I know Michael Wolff is a provocateur, and I take just about everything he does, says or writes with a large grain of salt. But this Technology Review piece about Facebook being “a bust” is just ridiculous in its arguments and assumptions. He basically makes a few on-the-nose observations, draws all the wrong conclusions, then dismantles his original thesis.
Basically, he writes, Facebook is destined to fail because it’s ad-supported.
He makes a correct, if rather obvious, observation: “At the heart of the Internet business is one of the great business fallacies of our time: that the Web, with all its targeting abilities, can be a more efficient, and hence more profitable, advertising medium than traditional media.” And he is right when he says that “the daily and stubborn reality for everybody building businesses on the strength of Web advertising is that the value of digital ads decreases every quarter, a consequence of their simultaneous ineffectiveness and efficiency.” And of course he’s on target when he reports, “I don’t know anyone in the ad-Web business who isn’t engaged in a relentless, demoralizing, no-exit operation to realign costs with falling per-user revenues, or who isn’t manically inflating traffic to compensate for ever-lower per-user value.”
But there’s nothing new there — any of it. We already know CPMs don’t work. As an industry, we’re testing out (or should be, anyway) new revenue streams to see what will work. Pay walls? Maybe — but the jury’s still out whether non-print-subscribing users will put up money for the website only. Cutting jobs (and quality)? Likely, except while it helps the bottom line in the short-term, it erodes trust between reader and media in the long-term. Better targeted ads? Probably, yes, until everyone opts out and/or the government bans it. Running the exact same stories on different local channels to save on news-gathering and ad sales teams? I hope to the heavens that stops really soon. Meantime, our collective time is probably better spent thinking up new ways to do business online and encouraging and learning from those companies who are testing new ways of doing business — like Facebook. Otherwise, you’re just a hater.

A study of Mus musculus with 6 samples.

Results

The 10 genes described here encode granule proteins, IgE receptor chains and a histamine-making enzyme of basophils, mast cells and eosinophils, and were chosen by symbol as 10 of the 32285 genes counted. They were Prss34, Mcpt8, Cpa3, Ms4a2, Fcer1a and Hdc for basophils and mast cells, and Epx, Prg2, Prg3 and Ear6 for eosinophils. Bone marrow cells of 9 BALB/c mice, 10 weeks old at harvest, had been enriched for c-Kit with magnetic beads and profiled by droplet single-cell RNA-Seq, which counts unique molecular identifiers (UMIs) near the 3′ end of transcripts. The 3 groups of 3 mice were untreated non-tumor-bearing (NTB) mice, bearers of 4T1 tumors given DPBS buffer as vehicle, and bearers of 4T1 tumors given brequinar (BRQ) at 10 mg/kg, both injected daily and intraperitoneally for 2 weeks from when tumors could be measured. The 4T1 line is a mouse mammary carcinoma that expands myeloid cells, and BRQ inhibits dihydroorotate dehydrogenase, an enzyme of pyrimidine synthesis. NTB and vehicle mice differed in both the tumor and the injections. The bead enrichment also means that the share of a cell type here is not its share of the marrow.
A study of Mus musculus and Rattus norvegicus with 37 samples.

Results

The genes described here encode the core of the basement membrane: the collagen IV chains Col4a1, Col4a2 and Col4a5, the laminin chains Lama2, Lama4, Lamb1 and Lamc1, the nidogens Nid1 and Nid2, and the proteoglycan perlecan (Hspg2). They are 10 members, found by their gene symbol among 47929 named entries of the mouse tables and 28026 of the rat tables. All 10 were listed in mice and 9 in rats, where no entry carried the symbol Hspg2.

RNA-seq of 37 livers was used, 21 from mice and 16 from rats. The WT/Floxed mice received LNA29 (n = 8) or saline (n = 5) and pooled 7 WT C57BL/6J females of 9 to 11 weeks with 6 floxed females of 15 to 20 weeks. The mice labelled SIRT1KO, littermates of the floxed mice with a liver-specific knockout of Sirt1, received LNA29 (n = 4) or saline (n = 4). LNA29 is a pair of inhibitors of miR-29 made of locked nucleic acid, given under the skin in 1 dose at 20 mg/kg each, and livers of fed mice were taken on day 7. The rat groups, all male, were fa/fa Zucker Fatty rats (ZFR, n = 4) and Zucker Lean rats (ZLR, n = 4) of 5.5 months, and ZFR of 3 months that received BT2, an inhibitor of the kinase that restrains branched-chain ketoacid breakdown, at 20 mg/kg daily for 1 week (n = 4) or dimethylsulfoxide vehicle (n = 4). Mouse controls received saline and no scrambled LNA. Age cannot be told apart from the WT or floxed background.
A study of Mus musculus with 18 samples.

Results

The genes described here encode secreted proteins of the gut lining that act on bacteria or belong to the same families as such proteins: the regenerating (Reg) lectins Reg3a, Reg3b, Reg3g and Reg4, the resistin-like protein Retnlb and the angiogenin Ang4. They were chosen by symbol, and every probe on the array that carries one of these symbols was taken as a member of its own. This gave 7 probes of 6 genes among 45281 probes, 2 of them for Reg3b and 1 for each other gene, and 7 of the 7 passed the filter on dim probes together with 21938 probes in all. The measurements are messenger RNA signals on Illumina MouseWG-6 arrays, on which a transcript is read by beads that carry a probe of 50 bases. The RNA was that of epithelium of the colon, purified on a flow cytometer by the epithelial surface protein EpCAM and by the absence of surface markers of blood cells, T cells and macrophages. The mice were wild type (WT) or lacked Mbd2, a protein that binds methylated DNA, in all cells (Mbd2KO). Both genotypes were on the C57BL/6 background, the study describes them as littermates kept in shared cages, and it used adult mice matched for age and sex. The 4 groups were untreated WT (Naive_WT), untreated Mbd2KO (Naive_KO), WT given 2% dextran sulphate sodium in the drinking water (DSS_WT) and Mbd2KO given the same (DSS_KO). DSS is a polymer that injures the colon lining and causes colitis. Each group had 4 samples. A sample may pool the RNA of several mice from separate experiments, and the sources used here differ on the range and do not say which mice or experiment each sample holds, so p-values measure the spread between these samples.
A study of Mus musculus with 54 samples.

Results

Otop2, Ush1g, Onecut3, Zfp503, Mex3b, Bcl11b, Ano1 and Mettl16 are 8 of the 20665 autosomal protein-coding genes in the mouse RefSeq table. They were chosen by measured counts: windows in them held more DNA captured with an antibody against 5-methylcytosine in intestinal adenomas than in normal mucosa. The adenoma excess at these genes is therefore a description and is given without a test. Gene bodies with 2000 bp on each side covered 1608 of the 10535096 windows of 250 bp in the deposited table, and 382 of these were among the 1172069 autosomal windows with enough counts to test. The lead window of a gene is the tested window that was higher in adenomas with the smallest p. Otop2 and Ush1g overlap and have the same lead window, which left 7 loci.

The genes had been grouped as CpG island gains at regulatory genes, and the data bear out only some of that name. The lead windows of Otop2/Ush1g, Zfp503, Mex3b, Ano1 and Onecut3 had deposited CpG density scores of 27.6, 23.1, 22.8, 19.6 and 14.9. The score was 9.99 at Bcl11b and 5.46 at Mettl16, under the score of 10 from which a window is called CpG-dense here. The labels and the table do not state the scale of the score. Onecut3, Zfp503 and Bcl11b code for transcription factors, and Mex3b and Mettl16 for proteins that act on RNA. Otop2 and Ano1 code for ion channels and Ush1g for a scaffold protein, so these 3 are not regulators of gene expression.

So his conclusion that “Facebook is not only on course to go bust, but will take the rest of the ad-supported Web with it” is an utterly hyperbolic eye-roller. And his acknowledgment that the company “has convinced large numbers of otherwise intelligent people that the magic of the medium will reinvent advertising in a heretofore unimaginably profitable way, or that the company will create something new that isn’t advertising, which will produce even more wonderful profits” is actually an argument in favor of the very thing he claims to want fixed a mere paragraph before. Not only should Facebook “reinvent advertising,” it must. Because the way things work now for consumer websites, as Wolff acknowledges, isn’t working. And I think it will. Or at least I wouldn’t bet against ’em.
Wolff draw parallels between Google and Facebook, yet somehow fails to draw a similar parallel for Facebook’s growth potential. He praises Google for its ad system, acknowledging that it also “didn’t have the big idea at the company’s founding, either,” but dismisses Facebook altogether: “Facebook has, in some yet-to-be-defined way, redefined something. Relationships? Media? Communications? Communities? Something big, anyway.”
“Big” is right — it has redefined all those things, so therefore it can and will create its own, new reality. So when Wolff says that Facebook’s strategy is “Just wait,” I say, “Hell, yes.” The company, in its brief life, has completely flipped the script on all the items he mentions. They just did it. They’re doing it. It is, in fact, as Wolff says, “the bridge to new modes of human connection.” And that is the opposite of being “left in the same position as all other media companies.” Most other media companies are failing at the ad-web business. We know this. Most other media companies (and, frankly, non-media companies) are drafting off of what Facebook is doing — and following its rules and ecosystem, just as they did with Google in years past.
I’m not Facebook’s biggest fan; it often pisses me off as much as it pleases me. But I’ve seen it change the web business from the front lines these past few years. Jobs are being created — “Social Media Editor,” “Social Marketing Manager” — that didn’t exist only two or three years ago, and these are being directly guided by Facebook (and, to a lesser degree, Twitter, Tumblr, Pinterest, etc.): its game, its rules. As Google did with “SEO,” so Facebook is creating an industry around its product.
I guess the most (and the least, after all these words I just typed) I can say is this: I’m looking forward to the day when I can say, “I bought Facebook at $29.”